But Tor has a major problem. Only a relatively small number of people are running servers on the network. These so-called relay node operators would be rewarded under schemes currently being considered, by issuing a token in exchange for proof of bandwidth provided to the network. In this article, we explore how this clever scheme might work.
Recently, we reviewed a whitepaper proposing a plan to issue a crypto currency with the goal of incentivizing those key players who make it all possible. This would institutionalize a rewards structure, in the same spirit as a recently announced EFF initiative that gives prizes and recognition to people who operate network nodes for twelve months.
Currently, Tor network accomplishes this difficult feat of fuzzing what users do and where they are located by routing traffic through a set of randomly chosen nodes before reaching the intended destination. This can only be done because of volunteers who run nodes on the Tor network. As you might imagine, there is a shortage of volunteers. The brave folks who run these most important of network components are not only unpaid, but face frequent attacks by malicious agents and make themselves persons of interest to the NSA.
This recent proposal aims to offer a small financial reward to those who contribute to the continued operation of Tor. Network nodes that route traffic toward its destination can receive tokens for doing so, and would have an opportunity to exchange them for fiat, bitcoins, or another cryptocurrency.
Guard nodes are the entry into the Tor network. They act as gatekeepers, but due to Tor's ingenious onion routing scheme, the guard node cannot know the intended destination - only the next hop within the network.
Exit nodes are most important. They send traffic from within Tor network to the actual destination. These critical nodes are more scarce than ordinary relay nodes, largely because they are prime targets for attack. Exit nodes are in a unique position to attack user sessions since they directly connect to the destination endpoint. If they are able to collude with guard nodes they can de-anonymize users, since together they will know both endpoints; i.e. who is using Tor and what they're doing.
Each trip through Tor network is called a circuit. This consists of three pseudorandom nodes including a guard node, a relay node, and an exit node. These nodes are chosen from a list of active nodes provided by a Directory Server. There are very few of these since a high level of trust is essential. These Directory Servers are also key to making the proposed incentive scheme work.
So who gets the coins, how would they be issued, and what exactly gets rewarded?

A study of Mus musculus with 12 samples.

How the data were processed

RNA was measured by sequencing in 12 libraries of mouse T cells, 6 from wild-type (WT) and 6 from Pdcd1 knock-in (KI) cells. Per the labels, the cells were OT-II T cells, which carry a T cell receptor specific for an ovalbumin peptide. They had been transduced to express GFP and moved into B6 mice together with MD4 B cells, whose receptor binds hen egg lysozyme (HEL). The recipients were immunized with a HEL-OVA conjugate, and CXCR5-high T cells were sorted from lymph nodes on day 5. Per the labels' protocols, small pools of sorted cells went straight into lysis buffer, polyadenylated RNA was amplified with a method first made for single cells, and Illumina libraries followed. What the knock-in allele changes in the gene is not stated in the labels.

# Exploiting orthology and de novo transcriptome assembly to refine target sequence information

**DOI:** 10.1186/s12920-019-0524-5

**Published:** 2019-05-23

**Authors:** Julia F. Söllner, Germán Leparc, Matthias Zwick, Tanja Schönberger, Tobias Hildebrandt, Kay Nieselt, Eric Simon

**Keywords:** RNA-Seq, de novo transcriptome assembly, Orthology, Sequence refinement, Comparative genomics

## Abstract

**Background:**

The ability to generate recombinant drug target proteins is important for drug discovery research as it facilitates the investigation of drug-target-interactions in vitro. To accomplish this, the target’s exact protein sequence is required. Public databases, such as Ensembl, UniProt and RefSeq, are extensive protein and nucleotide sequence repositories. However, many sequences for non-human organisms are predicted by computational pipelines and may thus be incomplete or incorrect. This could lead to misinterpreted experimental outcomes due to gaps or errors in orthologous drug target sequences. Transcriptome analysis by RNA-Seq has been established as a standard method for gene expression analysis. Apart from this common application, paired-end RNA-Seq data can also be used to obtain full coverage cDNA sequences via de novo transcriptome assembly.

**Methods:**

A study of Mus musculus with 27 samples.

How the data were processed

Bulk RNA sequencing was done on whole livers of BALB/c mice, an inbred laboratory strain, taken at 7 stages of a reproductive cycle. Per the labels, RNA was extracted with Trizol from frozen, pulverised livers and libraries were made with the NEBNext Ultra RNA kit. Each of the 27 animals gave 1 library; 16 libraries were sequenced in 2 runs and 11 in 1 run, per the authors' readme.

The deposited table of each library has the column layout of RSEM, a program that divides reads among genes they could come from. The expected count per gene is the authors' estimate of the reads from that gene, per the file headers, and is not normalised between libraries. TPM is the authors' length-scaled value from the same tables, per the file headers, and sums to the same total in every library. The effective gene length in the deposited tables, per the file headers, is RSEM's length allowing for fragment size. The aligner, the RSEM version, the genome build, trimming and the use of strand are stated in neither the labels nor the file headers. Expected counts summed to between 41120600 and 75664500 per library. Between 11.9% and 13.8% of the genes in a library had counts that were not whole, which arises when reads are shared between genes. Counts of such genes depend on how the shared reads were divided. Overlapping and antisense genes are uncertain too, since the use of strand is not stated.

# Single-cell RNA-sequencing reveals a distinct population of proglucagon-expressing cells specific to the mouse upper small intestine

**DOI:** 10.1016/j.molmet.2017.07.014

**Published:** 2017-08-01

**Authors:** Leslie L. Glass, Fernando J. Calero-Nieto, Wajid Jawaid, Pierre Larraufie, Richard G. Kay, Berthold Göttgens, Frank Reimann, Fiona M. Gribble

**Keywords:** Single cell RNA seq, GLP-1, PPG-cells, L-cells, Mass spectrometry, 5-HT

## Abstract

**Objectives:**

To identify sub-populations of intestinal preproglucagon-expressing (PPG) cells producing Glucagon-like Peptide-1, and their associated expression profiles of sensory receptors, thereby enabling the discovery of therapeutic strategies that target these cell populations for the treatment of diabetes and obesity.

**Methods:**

It is widely believed that NSA and other agencies run many Tor nodes, especially high speed exit nodes. The nodes with the most available bandwidth get chosen more often and, as mentioned earlier, exit nodes are in a unique position to collude and to execute man-in-the-middle attacks. It has been shown also that the NSA targets Tor users for extra scrutiny and key players even more so.
But, before we forsake Tor, thinking it's a rigged game, it is important to realize that the facts are somewhat more confusing. Tor was built and funded by the US Navy. It's very useful for government agents conducting operations in the field desiring anonymity. But there are many other applications for law enforcement, as well as whistleblowers, political dissidents, and more.
The US Government has continued to provide most of the funding for Tor over the years, and still does. But this does not mean that it's a honeypot. There is a need to have operatives in faraway places able to interact with their colleagues inconspicuously. The fact that people hide from government surveillance and even use the network for criminal activity does not make it less useful.
The leaked Snowden documents clearly suggest that the NSA has had mixed results trying to breach the anonymity of users on Tor. It's also clear that the more people who can be persuaded to run nodes on the network, the more anonymity is afforded to users. More guard and exit nodes mean less chance of some single entity operating both of these nodes for a given circuit. Generally, the more users on a network, the harder it is to match users with destinations.http://letstalkbitcoin.com/dashboard/blog-post/edit/458
Currently there are on the order of 5900 relay nodes on Tor network, and of those it looks like there are just over 1000 exit nodes currently. Contrast this with about 2.4 million daily users and you can easily see how more nodes are needed.
Thus, the impetus for creating incentives. It costs money to operate a high bandwidth node and now we have people discussing how to best offset that cost with an altcoin. One more victory for blockchain tech!